It’s hard to believe that a year has passed since COVID-19 made its way to the U.S., altering just about every aspect of life as we knew it. Since then, the pandemic has remained at the forefront of nearly every headline, conversation and political stage.
COVID-19 shed light on several overlooked aspects of health care, such as employee well-being benefits and telemedicine services. In turn, workers started paying closer attention to their health care benefits and asking, “Do I have the coverage I need?” Even the answer to that question evolved throughout 2020 as the impacts of the pandemic unfolded – from the side effects of COVID-19 to the toll of prolonged social distancing and delayed appointments. Human resource teams were overwhelmed with inquiries from workers about how to use their coverage, when their coverage applied and how to keep costs down.
As employers and employees alike navigate the new normal, health benefit brokers have stepped in with education, information and decision support services, tools and technology. Here are some important points to keep in mind.
Employees are thirsty for information — and are seeking personalized information.
A recent consumer survey showed that a startling number of workers have self-educated about employee benefits. Yet workers who have had the opportunity for one-on-one benefits education said it is the single most helpful way to learn about their benefits options and how those options relate to their health care needs. More than two-thirds of respondents said one-on-one conversations were “very” or “extremely” helpful — emphasizing that talking to experts matters.
Encourage your clients to offer opportunities throughout the year — or even year-round — to engage with benefits experts to get their workers’ questions answered. Employers can no longer communicate about health care once a year and expect their workers to fully understand their health plans and benefits. Given the generally low health care literacy in the U.S. and the ever-changing benefits landscape, benefits education must be an ongoing process. Otherwise, it’s easy for employees to lose sight of what resources and best practices are available to them.
Workers are more receptive to and interested in supplementing their coverage.
With the pandemic focusing our attention on our physical and financial well-being, individuals are taking a closer look at where they can boost their coverage or fill in gaps. As a result, interest in critical illness (especially those with contagious disease riders), hospital indemnity and supplemental life plans has skyrocketed. Remind your clients that because these are voluntary coverages, there is flexibility as to when they can be offered. So you might want to suggest an off-cycle voluntary benefits enrollment period.
Be sure to draw clear connections between how these supplemental coverages can work together to provide comprehensive protection for your clients’ employees and their families. These plans can be confusing and it is helpful to have concrete examples to head off employee questions. Having these enrollments throughout the year can ensure workers have the coverage they need and feel secure in their ability to pay when health care expenses arise.
Employees are more receptive to and likely to use ancillary programs like telemedicine and advocacy and transparency services.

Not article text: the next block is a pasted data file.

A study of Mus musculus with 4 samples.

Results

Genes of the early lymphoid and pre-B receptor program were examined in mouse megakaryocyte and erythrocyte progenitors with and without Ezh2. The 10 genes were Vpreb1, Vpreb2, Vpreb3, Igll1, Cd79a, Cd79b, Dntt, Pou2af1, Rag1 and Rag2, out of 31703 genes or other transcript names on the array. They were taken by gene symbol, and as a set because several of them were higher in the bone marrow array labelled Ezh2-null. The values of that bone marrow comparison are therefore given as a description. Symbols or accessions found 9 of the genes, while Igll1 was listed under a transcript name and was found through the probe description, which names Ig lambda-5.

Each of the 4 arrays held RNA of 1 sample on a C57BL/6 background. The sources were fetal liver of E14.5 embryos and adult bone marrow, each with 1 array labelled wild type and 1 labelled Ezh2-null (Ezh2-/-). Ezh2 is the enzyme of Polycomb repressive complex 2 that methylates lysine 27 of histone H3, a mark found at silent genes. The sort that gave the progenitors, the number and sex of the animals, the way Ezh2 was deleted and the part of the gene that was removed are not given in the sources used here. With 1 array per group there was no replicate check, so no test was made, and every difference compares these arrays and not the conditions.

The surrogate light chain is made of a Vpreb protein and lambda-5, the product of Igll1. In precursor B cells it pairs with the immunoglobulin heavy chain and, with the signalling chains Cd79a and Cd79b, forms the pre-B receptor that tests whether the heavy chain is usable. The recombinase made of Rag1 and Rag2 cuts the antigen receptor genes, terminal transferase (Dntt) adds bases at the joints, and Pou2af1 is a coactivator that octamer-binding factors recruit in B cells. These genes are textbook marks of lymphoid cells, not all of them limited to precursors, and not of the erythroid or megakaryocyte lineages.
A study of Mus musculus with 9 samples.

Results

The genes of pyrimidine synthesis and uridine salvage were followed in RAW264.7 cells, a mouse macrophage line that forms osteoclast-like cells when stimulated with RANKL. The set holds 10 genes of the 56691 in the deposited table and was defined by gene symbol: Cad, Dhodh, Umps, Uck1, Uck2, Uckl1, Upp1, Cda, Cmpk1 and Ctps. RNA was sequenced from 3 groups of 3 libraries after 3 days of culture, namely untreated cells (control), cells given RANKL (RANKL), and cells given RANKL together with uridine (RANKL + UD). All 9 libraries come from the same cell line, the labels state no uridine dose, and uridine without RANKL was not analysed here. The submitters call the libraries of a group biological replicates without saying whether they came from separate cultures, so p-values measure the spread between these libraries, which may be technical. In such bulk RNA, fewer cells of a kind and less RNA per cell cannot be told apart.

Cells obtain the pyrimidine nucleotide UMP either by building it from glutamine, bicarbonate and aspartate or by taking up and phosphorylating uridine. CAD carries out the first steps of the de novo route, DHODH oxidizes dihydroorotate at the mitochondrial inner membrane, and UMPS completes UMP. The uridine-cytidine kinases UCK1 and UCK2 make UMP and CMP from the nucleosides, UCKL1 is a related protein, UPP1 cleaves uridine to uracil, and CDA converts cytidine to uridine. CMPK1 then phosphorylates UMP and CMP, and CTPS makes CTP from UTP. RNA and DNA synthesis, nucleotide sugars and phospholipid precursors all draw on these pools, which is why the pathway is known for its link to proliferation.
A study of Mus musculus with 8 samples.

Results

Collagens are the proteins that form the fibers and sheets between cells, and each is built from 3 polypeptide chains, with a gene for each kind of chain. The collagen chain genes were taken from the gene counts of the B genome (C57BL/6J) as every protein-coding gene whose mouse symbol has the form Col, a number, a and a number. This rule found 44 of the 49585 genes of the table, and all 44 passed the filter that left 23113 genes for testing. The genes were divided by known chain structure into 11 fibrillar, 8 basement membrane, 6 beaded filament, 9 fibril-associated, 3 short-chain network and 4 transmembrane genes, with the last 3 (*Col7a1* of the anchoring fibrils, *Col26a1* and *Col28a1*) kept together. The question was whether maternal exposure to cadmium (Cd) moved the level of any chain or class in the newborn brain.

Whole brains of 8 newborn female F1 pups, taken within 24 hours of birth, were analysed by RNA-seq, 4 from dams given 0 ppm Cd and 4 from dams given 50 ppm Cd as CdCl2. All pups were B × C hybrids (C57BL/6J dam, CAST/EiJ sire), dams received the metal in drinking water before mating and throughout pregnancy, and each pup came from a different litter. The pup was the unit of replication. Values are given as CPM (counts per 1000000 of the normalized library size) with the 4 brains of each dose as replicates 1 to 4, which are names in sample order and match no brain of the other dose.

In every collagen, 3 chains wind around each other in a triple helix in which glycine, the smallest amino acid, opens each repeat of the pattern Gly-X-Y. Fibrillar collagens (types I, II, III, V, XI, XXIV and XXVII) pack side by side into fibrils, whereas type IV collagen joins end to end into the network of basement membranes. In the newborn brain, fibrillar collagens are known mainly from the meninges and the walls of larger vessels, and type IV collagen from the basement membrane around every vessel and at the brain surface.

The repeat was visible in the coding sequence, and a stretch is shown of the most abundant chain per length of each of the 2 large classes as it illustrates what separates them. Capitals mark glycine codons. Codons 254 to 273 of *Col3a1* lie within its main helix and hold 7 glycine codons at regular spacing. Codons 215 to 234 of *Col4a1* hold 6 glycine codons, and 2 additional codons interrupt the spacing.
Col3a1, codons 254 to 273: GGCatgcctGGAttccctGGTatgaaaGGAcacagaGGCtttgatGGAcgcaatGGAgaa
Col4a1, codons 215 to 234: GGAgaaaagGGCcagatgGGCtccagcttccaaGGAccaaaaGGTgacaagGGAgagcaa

Telemedicine and virtual care usage shot up from an average of 8% to 14% in the first half of 2020, according to one recent survey. Another study reported that fully 30% of doctor’s visits from January to June of last year were telemedicine visits! And at DirectPath, our advocacy and transparency team saw 22% usage during 2020 — well above the industry average.
Particularly when employees may be required to work from home or are hesitant to sit in waiting rooms with sick patients, virtual solutions can fill an important need in maintaining their physical, mental and financial health.
Of course, putting a program in place — no matter how useful or appealing — isn’t enough to drive workers to use it. In addition to identifying and implementing such services, brokers should work with employers to ensure the programs are widely promoted and communicated.
Remember the idea of “shopping for care” can be overwhelming.
One of the best ways for workers to take control of costs is to shop around for care. As brokers know, the cost of any given service can differ drastically based on doctor, facility and even region. In a review of 2020, DirectPath saw average savings of $19,498 for an arthroplasty, while workers who compared costs saved an average of $2,447 for an MRI and $2,732 for a colonoscopy. But few workers know that they can shop for care, have any idea how to go about it, or see the value in making the effort.
With news stories about the high – and varying – cost of health care services, and new regulations requiring employers to share information about negotiated in- and out-of-network costs in the years ahead, now is the time to help workers take control of their health care spending.
According to a 2021 DirectPath survey, 83% of brokers are currently providing some sort of health care transparency and clinical advocacy services to help workers contain costs. Another 23% of respondents said they will add new advocacy and transparency-focused services to meet this growing demand. These services ensure that workers can call a health care advocate when they have questions about their network, coverage, billing and more.
The pandemic highlighted several existing employer health care-related challenges – from overlooked programs to worker knowledge gaps. Brokers can help. Workers need a strong foundational knowledge of their health care benefits so that when their needs become complicated – such as during a pandemic – they can choose and use care with confidence.
Kim Buckey is vice president of client services with DirectPath. She may be contacted at [email protected].